How to Monitor Your Internet Usage [Windows 7]

You shouldn’t be bothered about your Internet usage if you are on an unlimited data plan. However, for those who are on limited plan, tracking your Internet usage could make a difference between saving or wasting few hundreds dollars of Internet bill. In addition, some ISPs do restrict your account if they think you have utilized too much of the bandwidth, so it would be helpful to find out how much bandwidth you have utilized as you surf the web.

Windows 7 doesn’t come with a native application for you to track your Internet usage, but there are several useful and lightweight third-party apps that can easily get the job done.

1. NetStat Live

NetStat Live (NSL) is a small, easy to use TCP/IP protocol monitor which records all incoming and outgoing traffic (the bandwidth, not the data) and lets you see the exact throughput on both incoming and outgoing data. To put it simply, it measures your Internet usage and display them in a easy to read format.


If you noticed, NetStats Live is more than just a bandwidth monitor. It also tracks your CPU usage and show you how quickly your data goes from your computer to another computer on the Internet. So if your Internet connection is slow, you can find out which point of connection is slowing down the data transmission.

NetSats Live

2. tbbMeter

tbbMeter is a bandwidth meter to help you monitor your Internet usage. It comes with a graph to allow you to see how much data your computer is sending to and receiving from the Internet in real time.


The good thing about tbbMeter is that it is highly configurable. You can change the visual style to show animated icon, scrolling graph or bar meter and get it to display the traffic for all Internet connection or only for local connection.

There is also plenty of test tools that you can use to test your Internet connection. My personal favorite is the Speedtest that measure how fast my Internet connection is.


There are many more features in tbbMeter that are not mentioned above. You really have to try it out to see how useful it is.


3. BitMeter OS

BitMeter OS is slightly different in that it is cross-platform compatible and it works from your browser rather than a standalone application.

Once installed and started up, it will fire up your browser and display the traffic graph in a new tab.


The main page shows the traffic graph, but you can also select to view the History, Summary, Query (for a specific date range) and even set a alert when your network usage goes above a certain amount.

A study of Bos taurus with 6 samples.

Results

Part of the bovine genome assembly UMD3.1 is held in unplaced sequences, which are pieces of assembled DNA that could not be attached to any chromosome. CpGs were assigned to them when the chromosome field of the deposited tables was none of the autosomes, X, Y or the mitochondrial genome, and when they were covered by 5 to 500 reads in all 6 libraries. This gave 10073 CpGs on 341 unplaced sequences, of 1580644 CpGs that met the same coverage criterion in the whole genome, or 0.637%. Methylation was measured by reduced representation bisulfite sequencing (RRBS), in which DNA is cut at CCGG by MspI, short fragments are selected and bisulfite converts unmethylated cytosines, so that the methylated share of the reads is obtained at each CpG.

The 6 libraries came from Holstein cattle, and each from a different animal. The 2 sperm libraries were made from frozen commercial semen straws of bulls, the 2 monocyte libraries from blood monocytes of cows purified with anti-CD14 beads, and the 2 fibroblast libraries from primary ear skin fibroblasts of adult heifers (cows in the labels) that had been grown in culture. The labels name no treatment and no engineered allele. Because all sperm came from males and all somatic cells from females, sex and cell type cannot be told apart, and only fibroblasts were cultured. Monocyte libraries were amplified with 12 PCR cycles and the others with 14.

For those who love a clean interface without clutter and need the ability to zoom into a specific date in the history, BitMeter OS is the one for you.

BitMeter OS

4. FreeMeter

FreeMeter is a small and portable application that acts like a widget on your desktop. It used to be open source, but the developer took down the Open Source tag because someone took the code, rebrand it and publish it as their own. The latest version is now closed source and is only available for download on the developer’s website.


This application is pretty simple. It tracks your traffic usage and show them on the graph, real-time. There is no history or summary feature, but you can run the ping utility to see if a site is up. For those who need a small tool to monitor a spike in Internet usage, this is the one to go for.


5. Bandwidth Vista

If you need to know the geo-location and IP of the connection that you are making to and from, then Bandwidth Vista is the application for you. Once installed and activated, you will see a map of the world and the traffic graph at the bottom of the map. Points are placed on the map to show the countries/locations of the connection made.


Other features of Bandwidth Vista include a ping utility and an alert function to notify you of excessive data usage.

Bandwidth Vista

Which is your favorite application to track Internet usage?

Image credit: Big Stock Photo


Damien Oh started writing tech articles since 2007 and has over 10 years of experience in the tech industry. He is proficient in Windows, Linux, Mac, Android and iOS, and worked as a part time WordPress Developer. He is currently the owner and Editor-in-Chief of Make Tech Easier.